Spirituality & Psychotherapy 16th Annual Conference:
Spirituality & Psychotherapy with African American Clients and Families
Nancy Boyd-Franklin, Ph.D.
Friday, March 21- Saturday, March 22, 2014
7:00-9:00pm Friday, March 21 (6:30 PM registration), Location: Light of the World Christian Church
Our churches can be a natural bridge between people in need and the help that can make a difference in their lives. Dr. Boyd-Franklin will give examples of these partnerships and the ways they have worked to connect African American churches with mental health and social service providers. In the current economic crisis, many communities have witnessed an increase in children, adolescents, adults, and families in need of interventions. Sadly, there is still a stigma for many in pursuing counseling therapy. Similarly, many ethnic minority families have a cultural mistrust of social service agencies. An examination of partnerships that work will help to address these barriers and show how working together can bring about better outcomes.
9:00am- 5:00pm Saturday, March 22 (8:30 AM registration), Location: Christian Theological Seminary
Work with African American clients and families that takes into account their cultural context means incorporating spirituality and religion. The differences between spirituality and religion in this cultural context will be addressed and examples of spirituality without the practice of formal religions will be presented. The diversity in the African American community on these issues will also be discussed including the diversity of religious groups. With this larger context in mind, this training will focus primarily on African American Christian churches and will help participants build cultural competency in working with clients and families from these groups. Ways in which spirituality and religion can be utilized as strengths in facilitating cross-cultural joining will be presented. The concepts of “church family” and “church home” will be explored as well as in families’ lives. Multigenerational issues will also be explored, and the role of religion and spirituality in addressing suffering, loss, and grief.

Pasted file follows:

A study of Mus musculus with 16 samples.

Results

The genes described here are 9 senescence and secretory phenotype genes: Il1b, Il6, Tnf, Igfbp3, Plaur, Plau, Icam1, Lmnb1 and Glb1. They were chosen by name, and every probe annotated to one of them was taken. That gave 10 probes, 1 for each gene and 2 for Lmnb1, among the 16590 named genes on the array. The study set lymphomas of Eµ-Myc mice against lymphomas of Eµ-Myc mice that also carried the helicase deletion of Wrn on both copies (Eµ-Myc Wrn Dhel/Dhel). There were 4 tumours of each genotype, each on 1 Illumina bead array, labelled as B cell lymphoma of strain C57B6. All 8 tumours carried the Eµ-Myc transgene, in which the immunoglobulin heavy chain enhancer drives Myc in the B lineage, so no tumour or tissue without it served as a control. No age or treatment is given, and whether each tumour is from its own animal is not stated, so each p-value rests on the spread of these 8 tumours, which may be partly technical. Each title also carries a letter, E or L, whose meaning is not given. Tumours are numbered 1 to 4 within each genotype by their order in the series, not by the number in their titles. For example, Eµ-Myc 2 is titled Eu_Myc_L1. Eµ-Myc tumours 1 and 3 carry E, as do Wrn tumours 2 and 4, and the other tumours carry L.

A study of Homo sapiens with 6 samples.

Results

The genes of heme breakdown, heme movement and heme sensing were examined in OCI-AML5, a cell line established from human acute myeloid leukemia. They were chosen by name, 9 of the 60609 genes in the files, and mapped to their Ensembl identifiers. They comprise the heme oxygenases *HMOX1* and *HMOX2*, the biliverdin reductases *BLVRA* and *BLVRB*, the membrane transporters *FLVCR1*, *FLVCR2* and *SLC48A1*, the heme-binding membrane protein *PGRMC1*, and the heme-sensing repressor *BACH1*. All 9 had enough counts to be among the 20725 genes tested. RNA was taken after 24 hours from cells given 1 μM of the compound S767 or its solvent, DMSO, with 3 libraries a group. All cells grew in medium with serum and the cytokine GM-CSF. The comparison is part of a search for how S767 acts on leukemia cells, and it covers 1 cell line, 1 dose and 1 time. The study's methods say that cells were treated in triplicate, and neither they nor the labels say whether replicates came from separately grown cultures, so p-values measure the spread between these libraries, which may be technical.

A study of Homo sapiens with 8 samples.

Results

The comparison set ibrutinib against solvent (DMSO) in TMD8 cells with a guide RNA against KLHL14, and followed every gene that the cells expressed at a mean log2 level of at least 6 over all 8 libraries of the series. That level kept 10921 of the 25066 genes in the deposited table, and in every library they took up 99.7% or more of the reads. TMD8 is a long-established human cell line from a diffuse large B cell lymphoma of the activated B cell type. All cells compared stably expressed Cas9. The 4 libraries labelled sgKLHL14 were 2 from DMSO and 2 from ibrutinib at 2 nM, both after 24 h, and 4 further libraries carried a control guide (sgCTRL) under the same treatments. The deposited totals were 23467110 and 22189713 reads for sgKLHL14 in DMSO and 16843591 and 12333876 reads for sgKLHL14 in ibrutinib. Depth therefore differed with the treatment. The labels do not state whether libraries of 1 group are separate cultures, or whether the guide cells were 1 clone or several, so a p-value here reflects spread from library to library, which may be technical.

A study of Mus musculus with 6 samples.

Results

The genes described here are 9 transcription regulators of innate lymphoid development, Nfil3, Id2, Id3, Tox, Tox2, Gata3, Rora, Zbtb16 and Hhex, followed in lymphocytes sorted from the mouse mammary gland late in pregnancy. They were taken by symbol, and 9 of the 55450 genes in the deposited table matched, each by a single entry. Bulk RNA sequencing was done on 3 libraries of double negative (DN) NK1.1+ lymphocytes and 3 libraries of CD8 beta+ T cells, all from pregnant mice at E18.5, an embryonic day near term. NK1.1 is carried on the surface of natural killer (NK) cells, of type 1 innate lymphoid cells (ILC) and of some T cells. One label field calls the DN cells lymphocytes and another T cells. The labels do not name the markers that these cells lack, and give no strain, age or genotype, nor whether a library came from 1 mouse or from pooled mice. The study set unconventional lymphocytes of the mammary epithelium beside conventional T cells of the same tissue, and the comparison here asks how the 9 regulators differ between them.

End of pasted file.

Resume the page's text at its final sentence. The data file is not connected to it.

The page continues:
Dr. Nancy Boyd-Franklin is a Distinguished Professor at Rutgers University in the Graduate School of Applied and Professional Psychology. She is the author of numerous professional articles and chapters and six books including: Black Families in Therapy: Understanding the African American Experience; Children, Families and HIV/AIDS; Reaching Out in Family Therapy: Home-based, School and Community Interventions; and Boys into Men: Raising Our African American Teenage Sons with Dr. A.J. Franklin. Her latest book, Therapy in the Real World: Effective Treatments for Challenging Problems, was published by Guilford Press in June, 2013. Dr. Boyd-Franklin has received an Honorary Doctorate from the Phillips Graduate Institute, and awards for her outstanding contributions to the field from the Association of Black Psychologists, Divisions 45 and 43 of the American Psychological Association, the Association of Black Social Workers, the American Psychiatric Association, and the American Family Therapy Academy.